NRCS snowpack map 11.18.19
NRCS
NRCS Snowpack Map

BOISE, Idaho (KIFI/KIDK)-Idaho is getting a late start on winter, despite a cool and wet September.

And Steve King, with NOAA's Northwest Forecast Center in Portland, told the Idaho Water Supply Committee Monday there is a high chance of below-normal precipitation over the next two weeks.

King reported water temperatures along the equator in the Pacific Ocean are indicating a neutral effect, indicating neither an El Nino or La Nina influence at this time. That means an above-normal chance of receiving higher than normal temperatures over the next three months. The three-month precipitation outlook shows no sign of above or below-normal trends, but most likely "equal" chances, King said.

Snowpack is currently measuring below-normal statewide. It varies everywhere from 20% to 80% of normal in various locations.

Idaho Power told the committee Monday, it does plan to do cloud-seeding this winter. 57 generators and 3 aircraft will be based in eastern Idaho. Records indicate cloud seeding generally increases snowfall by 8% to 15%.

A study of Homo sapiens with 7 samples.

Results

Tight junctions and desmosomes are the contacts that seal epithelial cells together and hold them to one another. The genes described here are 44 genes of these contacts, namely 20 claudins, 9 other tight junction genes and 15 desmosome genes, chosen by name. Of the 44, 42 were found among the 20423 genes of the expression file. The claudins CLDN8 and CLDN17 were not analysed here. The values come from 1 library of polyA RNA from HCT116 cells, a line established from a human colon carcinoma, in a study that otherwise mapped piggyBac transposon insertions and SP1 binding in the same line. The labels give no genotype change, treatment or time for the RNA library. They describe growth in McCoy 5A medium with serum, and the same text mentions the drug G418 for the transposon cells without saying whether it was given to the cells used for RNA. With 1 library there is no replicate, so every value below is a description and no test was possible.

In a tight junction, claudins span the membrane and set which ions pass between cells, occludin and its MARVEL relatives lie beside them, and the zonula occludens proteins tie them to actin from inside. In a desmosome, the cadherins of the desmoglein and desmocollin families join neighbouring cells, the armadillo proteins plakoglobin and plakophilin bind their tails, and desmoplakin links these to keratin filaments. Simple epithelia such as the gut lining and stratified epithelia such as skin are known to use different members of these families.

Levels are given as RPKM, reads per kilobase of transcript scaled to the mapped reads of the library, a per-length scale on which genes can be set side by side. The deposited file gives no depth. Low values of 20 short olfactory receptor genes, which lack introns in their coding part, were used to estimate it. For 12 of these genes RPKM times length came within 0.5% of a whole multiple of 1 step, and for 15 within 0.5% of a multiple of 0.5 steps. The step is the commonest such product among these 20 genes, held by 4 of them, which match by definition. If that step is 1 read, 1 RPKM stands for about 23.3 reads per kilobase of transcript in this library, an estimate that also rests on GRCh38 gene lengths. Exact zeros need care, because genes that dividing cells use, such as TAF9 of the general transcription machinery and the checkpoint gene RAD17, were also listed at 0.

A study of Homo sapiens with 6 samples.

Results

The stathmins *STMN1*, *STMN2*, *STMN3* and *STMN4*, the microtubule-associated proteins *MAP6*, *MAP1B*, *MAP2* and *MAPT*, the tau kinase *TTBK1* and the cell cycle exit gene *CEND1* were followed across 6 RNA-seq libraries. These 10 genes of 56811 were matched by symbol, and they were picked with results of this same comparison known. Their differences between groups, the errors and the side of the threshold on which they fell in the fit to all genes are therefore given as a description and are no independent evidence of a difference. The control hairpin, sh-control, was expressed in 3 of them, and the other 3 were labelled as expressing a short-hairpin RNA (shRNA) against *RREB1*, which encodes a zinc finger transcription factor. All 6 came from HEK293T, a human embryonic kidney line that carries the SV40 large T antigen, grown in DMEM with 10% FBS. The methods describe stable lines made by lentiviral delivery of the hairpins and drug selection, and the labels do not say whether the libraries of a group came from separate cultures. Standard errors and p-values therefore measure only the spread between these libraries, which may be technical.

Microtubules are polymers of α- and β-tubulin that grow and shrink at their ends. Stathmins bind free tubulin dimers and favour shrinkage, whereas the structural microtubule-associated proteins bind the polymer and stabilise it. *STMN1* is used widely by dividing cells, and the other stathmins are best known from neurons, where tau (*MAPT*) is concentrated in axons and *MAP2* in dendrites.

NRCS Snow Survey representative Danny Tappa said reservoir storage is high. He said most water users could get by with a 50% of normal runoff and still have a full water supply next summer.

Overall storage in the upper Snake is 128 percent of average or about 60 percent of capacity. "We're looking really good for next year," said Bureau of Reclamation (BOR) spokesman Brian Stevens. "We're coming off a really good water year in the Upper Snake."

BORpointed out that current reservoir storage is 70% of average at Jackson Lake, 77% at Palisades, 80% at Grassy Lake and 50% at Ririe.

Idaho Water Resource Board Recharge Program Manager Wesley Hipkey said the board recharged 475,000 acre-feet of water into the East Snake Plain Aquifer (ESPA) this year.

Over the last 3 years, ESPA storage has increased by 1.7 million acre-feet. Idaho Department of Water Resources hydrologist Mike McVay compares the aquifer to a leaky bathtub.

. "If we don't keep going with recharge and water reductions, all of that surplus water goes away," he said. "We're doing great. We have to keep going with all of the existing efforts to restore the aquifer."